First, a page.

More than 1,000 ill people will get their heating on prescription in a bid to keep them out of hospital this winter.
It follows an NHS pilot scheme in Gloucestershire last winter involving 28 low-income patients whose conditions deteriorate in the cold.
Now the scheme is being rolled out to 150 more homes in Gloucestershire and 1,000 in Aberdeenshire and Teesside, with bills paid from this month until March.
Michelle Davis, 28, who suffers from arthritis and heart disease, said the results were ‘mind-blowing’ last year.
‘When the weather turns cold, I tend to seize up,’ the mother-of-two said. ‘If everyone was able to have this experience I had, it could really change people’s lives.’
Across the county another 2,000 people with similar conditions fell seriously ill while the trial took place from December to March, costing the NHS £6million. Cold homes are believed to cost the NHS £860million a year in total – and thought to be behind 10,000 deaths each winter.
‘The NHS were telling us they were seeing a benefit much more quickly than pills and potions,’ said trial co-ordinator Dr Matt Lipson. ‘If we buy the energy people need but can’t afford, they can keep warm at home and stay out of hospital.’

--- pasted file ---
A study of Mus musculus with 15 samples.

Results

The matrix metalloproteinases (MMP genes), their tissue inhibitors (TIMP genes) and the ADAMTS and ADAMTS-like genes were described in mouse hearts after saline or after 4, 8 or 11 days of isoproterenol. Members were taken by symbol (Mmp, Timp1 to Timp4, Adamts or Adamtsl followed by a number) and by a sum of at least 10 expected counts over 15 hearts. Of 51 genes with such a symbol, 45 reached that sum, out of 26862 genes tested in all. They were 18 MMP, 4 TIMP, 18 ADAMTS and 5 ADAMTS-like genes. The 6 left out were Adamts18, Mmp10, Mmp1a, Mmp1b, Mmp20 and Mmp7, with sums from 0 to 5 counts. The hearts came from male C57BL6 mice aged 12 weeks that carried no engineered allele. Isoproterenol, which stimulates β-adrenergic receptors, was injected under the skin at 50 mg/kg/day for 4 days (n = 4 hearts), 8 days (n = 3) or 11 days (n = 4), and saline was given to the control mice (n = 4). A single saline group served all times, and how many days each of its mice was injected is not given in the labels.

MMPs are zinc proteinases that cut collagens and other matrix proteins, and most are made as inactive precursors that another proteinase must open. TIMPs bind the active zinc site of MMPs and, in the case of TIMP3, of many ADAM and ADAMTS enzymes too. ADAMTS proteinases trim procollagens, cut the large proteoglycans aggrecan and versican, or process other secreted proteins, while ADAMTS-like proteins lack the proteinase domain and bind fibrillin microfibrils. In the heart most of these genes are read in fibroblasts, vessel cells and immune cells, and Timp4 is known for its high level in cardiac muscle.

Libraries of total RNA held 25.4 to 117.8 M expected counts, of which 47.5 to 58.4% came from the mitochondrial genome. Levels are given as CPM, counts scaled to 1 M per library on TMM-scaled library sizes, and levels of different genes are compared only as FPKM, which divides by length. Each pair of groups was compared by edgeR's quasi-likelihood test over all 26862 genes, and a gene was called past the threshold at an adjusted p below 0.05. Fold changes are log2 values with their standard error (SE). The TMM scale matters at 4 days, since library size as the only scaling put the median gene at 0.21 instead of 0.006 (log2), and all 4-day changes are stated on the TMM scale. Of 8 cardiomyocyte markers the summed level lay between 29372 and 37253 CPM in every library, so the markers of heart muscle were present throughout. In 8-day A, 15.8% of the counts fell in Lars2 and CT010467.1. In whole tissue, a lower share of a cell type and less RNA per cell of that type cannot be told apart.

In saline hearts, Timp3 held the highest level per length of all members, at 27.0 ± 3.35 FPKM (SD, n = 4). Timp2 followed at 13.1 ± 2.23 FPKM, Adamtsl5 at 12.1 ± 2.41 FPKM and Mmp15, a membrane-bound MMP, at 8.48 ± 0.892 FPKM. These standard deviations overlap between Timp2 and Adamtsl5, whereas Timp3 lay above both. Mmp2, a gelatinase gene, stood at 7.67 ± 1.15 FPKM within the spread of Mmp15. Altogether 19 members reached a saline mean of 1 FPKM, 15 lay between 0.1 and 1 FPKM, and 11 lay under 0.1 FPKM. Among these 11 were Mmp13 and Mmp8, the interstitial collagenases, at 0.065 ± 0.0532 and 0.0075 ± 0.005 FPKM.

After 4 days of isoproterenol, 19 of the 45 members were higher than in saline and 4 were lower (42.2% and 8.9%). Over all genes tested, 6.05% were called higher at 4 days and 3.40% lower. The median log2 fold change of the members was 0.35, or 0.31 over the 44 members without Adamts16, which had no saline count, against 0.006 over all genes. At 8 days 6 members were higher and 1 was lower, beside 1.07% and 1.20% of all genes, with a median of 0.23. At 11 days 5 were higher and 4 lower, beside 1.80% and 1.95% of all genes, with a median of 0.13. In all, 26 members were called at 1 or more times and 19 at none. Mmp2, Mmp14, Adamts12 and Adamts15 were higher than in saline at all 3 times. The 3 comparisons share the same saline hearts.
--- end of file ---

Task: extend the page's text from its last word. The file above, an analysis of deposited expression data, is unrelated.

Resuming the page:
Eligible people were identified by GP surgeries and NHS social prescribers who visit patients with long-term health conditions in their homes. One beneficiary last year admitted: ‘I thought it was a scam. No way they will pay my heating bill from now until the end of March.’
Another participant, Deborah, whose husband Andrew suffers from emphysema and heart disease, said it stopped them having to choose between heat and food. ‘It’s been the first winter in a very long time that my husband has been able to be warm, and that’s a huge thing for us.’
Meanwhile, health chiefs in London have launched a pilot scheme to prescribe fruit and vegetables to people with chronic disease and mental health conditions.
Prof Sam Everington, of Tower Hamlets NHS clinical commissioning group, said about 120 people in Lambeth and Tower Hamlets will receive vouchers worth up to £8 a week to spend on fresh groceries in a nine-month experiment.